In article <4C70E83B.1060906@...>,
Thomas de Grivel <billitch@...> wrote:
> On 08/22/10 01:07, Tobias C Rittweiler wrote:
> > In article<87fwy81j8u.fsf@...>,
> > Christophe Rhodes<csr21@...> wrote:
> >> Tobias C Rittweiler<tcr@...> writes:
> >>> I've raised the point pretty much on each time I've been bitten
> >>> by it because it's plain annoying. So far only on chat as far
> >>> as I remember. Funnily, I can never remember what answers I
> >>> got. I don't think an definitive answer ever came up anyway.
> >>> Could we, please, make the
> >>> "FOO also exports the following symbols:"
> >>> not be a full warning but merely a style-warning?
> >> CLHS on DEFPACKAGE
> >> | If the new definition is at variance with the current state of that
> >> | package, the consequences are undefined
> >> It is usual for SBCL to warn (or error) in places with undefined
> >> consequences.
> > And it's usual a good thing. I'm not questioning the usefulness
> > of that policy, I'm questioning the usefulness of its application
> > in this particular case.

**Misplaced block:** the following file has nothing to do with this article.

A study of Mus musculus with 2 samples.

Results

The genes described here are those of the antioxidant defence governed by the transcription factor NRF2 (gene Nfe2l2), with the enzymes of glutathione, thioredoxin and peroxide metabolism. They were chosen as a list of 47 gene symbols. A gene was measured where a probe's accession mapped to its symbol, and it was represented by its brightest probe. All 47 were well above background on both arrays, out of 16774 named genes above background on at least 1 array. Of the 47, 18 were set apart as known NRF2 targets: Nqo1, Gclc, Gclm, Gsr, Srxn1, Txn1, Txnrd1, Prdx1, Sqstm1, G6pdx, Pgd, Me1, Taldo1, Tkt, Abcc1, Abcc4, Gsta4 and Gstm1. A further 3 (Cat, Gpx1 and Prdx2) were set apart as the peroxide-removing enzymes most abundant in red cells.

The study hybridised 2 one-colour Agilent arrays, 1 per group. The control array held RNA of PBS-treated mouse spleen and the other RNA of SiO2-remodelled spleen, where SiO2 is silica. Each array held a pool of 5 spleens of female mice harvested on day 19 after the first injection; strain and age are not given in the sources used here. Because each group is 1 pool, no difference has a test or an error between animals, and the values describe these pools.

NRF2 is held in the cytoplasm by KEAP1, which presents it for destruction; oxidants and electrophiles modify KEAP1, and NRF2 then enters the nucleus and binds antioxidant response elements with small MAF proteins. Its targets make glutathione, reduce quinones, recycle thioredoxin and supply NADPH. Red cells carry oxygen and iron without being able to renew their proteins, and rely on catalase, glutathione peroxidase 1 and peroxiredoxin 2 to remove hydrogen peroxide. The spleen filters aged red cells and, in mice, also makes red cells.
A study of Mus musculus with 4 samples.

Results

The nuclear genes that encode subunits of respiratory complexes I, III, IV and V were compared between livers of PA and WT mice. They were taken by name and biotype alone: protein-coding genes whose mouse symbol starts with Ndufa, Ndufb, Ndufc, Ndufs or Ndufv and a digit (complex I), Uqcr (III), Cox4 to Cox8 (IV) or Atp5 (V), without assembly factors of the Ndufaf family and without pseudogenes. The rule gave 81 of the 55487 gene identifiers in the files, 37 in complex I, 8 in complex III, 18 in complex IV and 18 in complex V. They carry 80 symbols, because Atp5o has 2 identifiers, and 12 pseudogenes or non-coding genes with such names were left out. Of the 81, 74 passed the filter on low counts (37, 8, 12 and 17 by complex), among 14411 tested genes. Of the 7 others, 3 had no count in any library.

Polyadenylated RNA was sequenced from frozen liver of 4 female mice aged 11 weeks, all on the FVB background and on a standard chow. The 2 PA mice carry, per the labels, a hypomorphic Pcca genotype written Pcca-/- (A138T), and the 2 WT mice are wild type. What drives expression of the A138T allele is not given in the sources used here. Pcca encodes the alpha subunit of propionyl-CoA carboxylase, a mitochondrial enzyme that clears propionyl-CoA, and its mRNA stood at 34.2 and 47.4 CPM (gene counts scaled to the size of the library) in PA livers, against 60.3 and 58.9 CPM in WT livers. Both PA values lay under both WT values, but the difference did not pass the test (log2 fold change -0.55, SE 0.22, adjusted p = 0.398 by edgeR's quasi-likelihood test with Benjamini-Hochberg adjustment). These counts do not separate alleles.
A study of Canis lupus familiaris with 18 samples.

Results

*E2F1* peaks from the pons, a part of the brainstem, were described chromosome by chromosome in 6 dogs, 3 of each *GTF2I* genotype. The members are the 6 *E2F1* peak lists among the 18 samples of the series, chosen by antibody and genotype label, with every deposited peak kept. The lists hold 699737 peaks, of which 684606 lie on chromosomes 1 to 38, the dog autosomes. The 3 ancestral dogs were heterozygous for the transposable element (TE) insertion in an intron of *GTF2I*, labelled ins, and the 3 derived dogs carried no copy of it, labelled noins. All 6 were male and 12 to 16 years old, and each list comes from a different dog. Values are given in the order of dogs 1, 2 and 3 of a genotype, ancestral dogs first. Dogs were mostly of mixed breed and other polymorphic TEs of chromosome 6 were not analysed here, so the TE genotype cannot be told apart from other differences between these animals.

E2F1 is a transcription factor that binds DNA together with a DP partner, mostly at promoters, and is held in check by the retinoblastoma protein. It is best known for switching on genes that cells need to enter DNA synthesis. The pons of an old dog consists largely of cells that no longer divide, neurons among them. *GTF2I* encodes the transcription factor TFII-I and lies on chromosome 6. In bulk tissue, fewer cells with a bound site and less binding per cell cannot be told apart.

> > What's the use of the warning except for exercising this
> > very passage? Aren't the consequences in fact harmless
> > for my particular case in SBCL? Further, aren't they
> > harmless in all implementations being used? Perhaps I'm
> > missing something here.
> > In case it is harmless, again, what's the use of the warning
> > for me? Comparing for example to modifying literal data,
> > that's not just non-conformant but can actually result in
> > surprising behavior.
> The harmless case is inconclusive, what matters is that it could be harmful.
Please explain to me how it could be harmful.
> >> If some of sbcl's contribs aren't reloadable because of this undefined
> >> behaviour, the real fix is to rework the contribs so that they don't
> >> invoke undefined behaviour.
> > ASDF's :FORCE T and SB-POSIX was just an example. Another is
> > that if I remove a symbol from a defpackage's :export list,
> > reloading that file or the system containing it will fail
> > until I manually unexport the respective symbol.
> I agree, it is very annoying.
> I think a sensible solution is define two restarts for easy unexporting
> and uninterning of the problematic symbol. Would it pose any problem to
> do so ?
How would you invoke the restarts? It's just a warning after all.